What's the difference between copywriting and content writing?

Updated: May 11

Much like oranges and tangerines, labradors and golden retrievers... content writing and copywriting get mixed and confused all the time... don't they?


How many of us haven't said “biscuits” instead of “cookies”? Or confused a labrador with a golden retriever? Perfectly understandable! They’re both light brown, similar size and have a cute face.


However… Much like biscuits are usually crunchy and sweet or salty, and cookies are buttery and sweet, or labradors have shorter hair and tend to be more active than golden retrievers, so is copywriting very different from content writing even though they have many things in common.

Content writing means creating valuable content to attract and convert leads into customers — and customers into repeat buyers whereas copywriting has a very specific objective: drive action.

They complement each other and help drive traffic and conversions, but they also have different goals and sirve a different purpose in the marketing mix.


So, how are they different?


Long-term versus short-term

Content writing shows benefits on a long-term basis because it’s meant to inform and entertain readers, and help build a community, whereas copywriting should give results on a short-term basis.


Exciting headlines, enticing CTAs, taglines that stay with you and help build a brand, ad copy that converts, or landing pages that sell special limited offers - all examples of texts that are meant to get people to do something. Whether it’s buying, clicking something, opening a newsletter - it’s all meant to drive an action now.

Objectives

Copywriting involves the creation of texts meant to persuade readers to take some type of action so its goal is to turn potential buyers into customers. On the other hand, content writing is meant to build awareness about a brand, educate and strengthen a community.


In fact, effective microcopy is at every corner, making us do things without us even realizing it. Back in 2010 Facebook changed the “Become a Fan” button on Fan Pages to “Like” because their studies showed that people are more prone to click “Like” than commit to “Becoming a Fan”.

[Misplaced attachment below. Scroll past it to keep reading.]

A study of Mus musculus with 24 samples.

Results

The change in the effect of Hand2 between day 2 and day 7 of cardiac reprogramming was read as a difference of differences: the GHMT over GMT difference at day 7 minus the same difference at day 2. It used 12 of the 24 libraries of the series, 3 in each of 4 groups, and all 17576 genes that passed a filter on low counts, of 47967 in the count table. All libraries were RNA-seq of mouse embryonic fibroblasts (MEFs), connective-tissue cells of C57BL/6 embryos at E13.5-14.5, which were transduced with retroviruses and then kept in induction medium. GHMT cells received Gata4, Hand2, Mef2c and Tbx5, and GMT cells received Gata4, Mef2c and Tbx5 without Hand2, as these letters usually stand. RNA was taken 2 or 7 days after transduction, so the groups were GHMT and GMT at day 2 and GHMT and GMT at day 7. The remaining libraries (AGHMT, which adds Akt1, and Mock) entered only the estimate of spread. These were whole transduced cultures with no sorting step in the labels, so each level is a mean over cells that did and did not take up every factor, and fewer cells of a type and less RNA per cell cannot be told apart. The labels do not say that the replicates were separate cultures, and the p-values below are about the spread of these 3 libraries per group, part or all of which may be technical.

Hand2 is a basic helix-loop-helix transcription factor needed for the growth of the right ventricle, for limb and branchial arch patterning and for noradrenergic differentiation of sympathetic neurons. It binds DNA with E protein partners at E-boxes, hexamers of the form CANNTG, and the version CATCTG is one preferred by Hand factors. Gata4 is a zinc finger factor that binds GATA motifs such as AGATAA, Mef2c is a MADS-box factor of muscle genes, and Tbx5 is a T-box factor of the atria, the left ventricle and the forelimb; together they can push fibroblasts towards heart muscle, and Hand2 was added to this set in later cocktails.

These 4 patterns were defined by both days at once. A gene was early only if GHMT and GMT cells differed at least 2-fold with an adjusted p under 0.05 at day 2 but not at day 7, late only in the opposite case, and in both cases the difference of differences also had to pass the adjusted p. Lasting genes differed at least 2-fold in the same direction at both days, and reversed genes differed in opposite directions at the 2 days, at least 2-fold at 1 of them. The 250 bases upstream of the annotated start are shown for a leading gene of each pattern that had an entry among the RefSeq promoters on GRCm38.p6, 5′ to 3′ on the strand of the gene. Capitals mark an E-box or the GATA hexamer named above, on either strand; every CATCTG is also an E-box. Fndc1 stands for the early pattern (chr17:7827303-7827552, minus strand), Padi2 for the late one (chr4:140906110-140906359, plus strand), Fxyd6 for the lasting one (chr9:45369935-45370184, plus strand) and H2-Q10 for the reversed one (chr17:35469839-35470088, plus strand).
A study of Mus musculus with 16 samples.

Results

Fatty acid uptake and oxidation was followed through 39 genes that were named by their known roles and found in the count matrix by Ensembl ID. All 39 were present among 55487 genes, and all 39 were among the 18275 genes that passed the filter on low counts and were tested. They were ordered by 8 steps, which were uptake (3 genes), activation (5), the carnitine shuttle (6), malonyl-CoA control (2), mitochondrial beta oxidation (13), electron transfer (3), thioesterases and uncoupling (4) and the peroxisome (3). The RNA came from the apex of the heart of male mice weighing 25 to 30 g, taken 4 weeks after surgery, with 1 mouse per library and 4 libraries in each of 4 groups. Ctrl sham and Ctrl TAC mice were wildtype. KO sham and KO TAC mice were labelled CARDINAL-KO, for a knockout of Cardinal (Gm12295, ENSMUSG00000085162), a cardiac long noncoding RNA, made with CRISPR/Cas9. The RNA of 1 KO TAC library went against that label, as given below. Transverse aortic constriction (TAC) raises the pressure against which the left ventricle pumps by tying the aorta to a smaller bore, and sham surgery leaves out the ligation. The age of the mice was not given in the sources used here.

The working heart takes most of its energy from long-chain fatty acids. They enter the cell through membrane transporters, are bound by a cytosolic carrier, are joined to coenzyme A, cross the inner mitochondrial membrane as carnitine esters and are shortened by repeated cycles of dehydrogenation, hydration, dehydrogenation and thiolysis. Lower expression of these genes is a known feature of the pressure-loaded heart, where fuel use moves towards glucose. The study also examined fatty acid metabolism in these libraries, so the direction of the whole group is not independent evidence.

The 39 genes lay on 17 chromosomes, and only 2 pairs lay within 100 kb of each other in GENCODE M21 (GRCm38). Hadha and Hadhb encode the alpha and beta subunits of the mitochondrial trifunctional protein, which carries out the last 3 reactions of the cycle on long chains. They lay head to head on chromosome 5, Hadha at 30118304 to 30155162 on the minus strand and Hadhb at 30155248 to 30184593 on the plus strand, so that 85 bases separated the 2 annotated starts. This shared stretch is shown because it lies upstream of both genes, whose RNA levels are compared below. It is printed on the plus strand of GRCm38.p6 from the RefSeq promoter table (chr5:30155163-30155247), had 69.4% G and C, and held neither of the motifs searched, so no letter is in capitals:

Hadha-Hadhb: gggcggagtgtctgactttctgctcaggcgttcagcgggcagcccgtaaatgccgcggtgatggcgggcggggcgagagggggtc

Research has shown that including the word “because” along with a reason for people to do something, has increased compliance from 60% to 94%.


That’s the magic of copywriting. It’s these seemingly small things that make the difference between content and great copy.


Style of writing

If content writing is a Sunday paper that speaks to you, informs you about the latest trends, and makes you laugh at the gossip section, copywriting is the love note you got in high school inviting you to meet in the school yard.

A good Sunday paper will entertain you and even create a need to repeat that purchase and get next Sunday's paper too, while a secret date in the school yard will just get you to run to the yard.


These communications are very different and their styles of writing are very different also. If content writing can be anything from creative and free-flowing, to informative and technical, copywriting is to the point, since it’s designed to convey important information and motivate the audience to take action.


While they’re definitely not the same, content writing and copywriting complement each other. In an ideal world, you connect with your audience by delivering high quality content, and then you guide them towards a certain action with persuasive texts and enticing copy.


They’re hardly the same but you can see how well they work together if done right.


But that’s just me… thinking out loud.